Well known to the SoCal roots scene for decades, Jack Tempchin is known more for songs he has written that other artists have spun into hit covers than for his own albums. Since the ‘70s, he has had an ear for the pulse of modern pop and country/folk-rock to an extent that he has travelled the world, played with many of the top artists of his generation, and had many of them interpret his laid-back and catchy ballads. These include the Eagles (and individual members of that group), George Jones, Johnny Rivers, Emmylou Harris, Glen Campbell, and many others.
His new album, One More Song, batches together a dozen of his tunes to honor his coffeehouse roots here in San Diego. Tempchin wrote the songs over the course of his career, and only three have been recorded previously. They all share the unhurried, ultra-mellow, easy-chair feel of his most famous tracks, like “Peaceful Easy Feeling.” The album reinforces this laid-back vibe with arrangements that are stripped down enough that on eight of the tracks everything is sung and played by just Tempchin and producer Joel Piper.
“Slow Dancing” is a reworking of “Swayin’ to the Music (Slow Dancing),” which Rivers took to the top ten in 1977. This version is slowed way, way down to a folk pace with finger-picked guitars and harmonies. It has the type of infectious hook that can’t be rendered uninvolving, but this arrangement drags. For “Singing in the Streets” it is just Tempchin and his guitar, playing a livelier melody that tells the story of his hungry days as a busker in Europe and SoCal. Its rawness echoes some of Springsteen’s early acoustic efforts.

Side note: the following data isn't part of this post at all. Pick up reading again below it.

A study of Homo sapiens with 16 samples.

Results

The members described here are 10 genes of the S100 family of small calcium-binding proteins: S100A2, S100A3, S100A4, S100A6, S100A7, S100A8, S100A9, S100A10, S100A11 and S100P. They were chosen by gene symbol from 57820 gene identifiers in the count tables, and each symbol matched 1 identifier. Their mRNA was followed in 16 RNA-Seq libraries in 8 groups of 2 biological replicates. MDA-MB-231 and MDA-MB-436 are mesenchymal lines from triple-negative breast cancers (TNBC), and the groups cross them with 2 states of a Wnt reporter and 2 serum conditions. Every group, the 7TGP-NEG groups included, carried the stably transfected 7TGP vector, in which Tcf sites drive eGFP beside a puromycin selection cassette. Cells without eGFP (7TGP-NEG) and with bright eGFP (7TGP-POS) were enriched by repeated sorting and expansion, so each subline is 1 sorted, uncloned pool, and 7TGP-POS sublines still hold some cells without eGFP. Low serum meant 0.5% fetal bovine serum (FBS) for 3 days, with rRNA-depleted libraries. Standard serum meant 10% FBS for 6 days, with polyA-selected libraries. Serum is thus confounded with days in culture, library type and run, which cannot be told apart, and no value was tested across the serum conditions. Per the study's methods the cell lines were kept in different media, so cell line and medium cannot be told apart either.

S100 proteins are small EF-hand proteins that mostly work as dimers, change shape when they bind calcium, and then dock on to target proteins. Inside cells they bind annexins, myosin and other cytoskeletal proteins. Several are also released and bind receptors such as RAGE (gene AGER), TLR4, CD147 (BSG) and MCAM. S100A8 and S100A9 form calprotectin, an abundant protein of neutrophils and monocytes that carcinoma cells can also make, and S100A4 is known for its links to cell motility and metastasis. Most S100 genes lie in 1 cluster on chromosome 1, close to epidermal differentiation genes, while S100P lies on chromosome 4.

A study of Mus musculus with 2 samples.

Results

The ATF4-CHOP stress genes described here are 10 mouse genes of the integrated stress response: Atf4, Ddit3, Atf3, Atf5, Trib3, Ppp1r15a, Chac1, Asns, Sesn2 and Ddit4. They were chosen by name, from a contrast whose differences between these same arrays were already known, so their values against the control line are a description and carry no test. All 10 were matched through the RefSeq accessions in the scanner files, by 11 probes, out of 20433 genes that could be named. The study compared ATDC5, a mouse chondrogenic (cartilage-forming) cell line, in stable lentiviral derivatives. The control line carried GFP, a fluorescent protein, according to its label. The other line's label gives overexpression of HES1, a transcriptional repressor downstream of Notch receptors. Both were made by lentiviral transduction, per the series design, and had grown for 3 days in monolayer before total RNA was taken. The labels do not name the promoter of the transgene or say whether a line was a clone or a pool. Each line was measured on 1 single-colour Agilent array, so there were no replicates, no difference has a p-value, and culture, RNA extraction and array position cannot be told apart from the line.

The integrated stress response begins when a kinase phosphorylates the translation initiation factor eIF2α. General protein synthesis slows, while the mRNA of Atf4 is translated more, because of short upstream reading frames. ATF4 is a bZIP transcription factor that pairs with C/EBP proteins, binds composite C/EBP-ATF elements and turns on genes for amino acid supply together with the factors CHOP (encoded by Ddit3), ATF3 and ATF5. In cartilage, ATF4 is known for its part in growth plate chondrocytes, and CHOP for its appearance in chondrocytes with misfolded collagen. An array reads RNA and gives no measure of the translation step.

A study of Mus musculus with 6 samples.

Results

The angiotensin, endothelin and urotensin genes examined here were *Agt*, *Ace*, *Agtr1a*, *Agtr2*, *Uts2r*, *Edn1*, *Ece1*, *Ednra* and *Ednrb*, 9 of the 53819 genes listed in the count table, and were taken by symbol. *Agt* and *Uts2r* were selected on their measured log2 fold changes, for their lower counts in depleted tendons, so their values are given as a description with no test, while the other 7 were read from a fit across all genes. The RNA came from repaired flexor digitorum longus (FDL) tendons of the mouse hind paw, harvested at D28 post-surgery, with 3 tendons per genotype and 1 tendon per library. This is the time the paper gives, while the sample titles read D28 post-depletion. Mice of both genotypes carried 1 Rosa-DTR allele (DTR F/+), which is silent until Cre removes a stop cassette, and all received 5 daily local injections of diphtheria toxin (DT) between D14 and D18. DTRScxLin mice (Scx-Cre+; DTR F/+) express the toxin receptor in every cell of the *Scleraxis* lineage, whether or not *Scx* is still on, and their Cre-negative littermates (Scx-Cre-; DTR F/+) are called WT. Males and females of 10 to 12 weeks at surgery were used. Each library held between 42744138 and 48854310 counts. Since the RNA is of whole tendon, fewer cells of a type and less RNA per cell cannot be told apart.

More elaborate backing musicians are heard on “Around Midnight,” which scores eclectic points as a throwback to jazz sources–and a song Tom Waits would feel comfortable stretching out on. With smoky piano tinkling in between the beats and a spoken bridge, it is a clear highlight. Tempchin adopts a homespun country voice for several tracks, and the autobiographical “So Long My Friend” touches on chapters in his saga, and lessons learned, in Â¾ time, “Some days bring a smile/ Some days bring a tear/ Everybody’s got a message/ For me if I’ll hear.” By the eighth track, “Streets of Midnight,” the laid-back and mellow songs, while done by a real pro, pile up and seem to need a spark of excitement.
That spark never really comes, but there is a sharp country ballad that wouldn’t be out of place in the Jones catalog, “I Got Her Right Where She Wants Me.” The title tune closes matters and stands out, with its lyric, ”I was in a sleazy bar in San Diego/ When the clock said time to go.” It’s a slow, melancholy goodbye to old times in bars no longer standing, with friends now departed, that many locals will identify with. Indeed, One More Song seems like Jack Tempchin’s musical trip of sorts down memory lane, and listeners should enjoy the ride.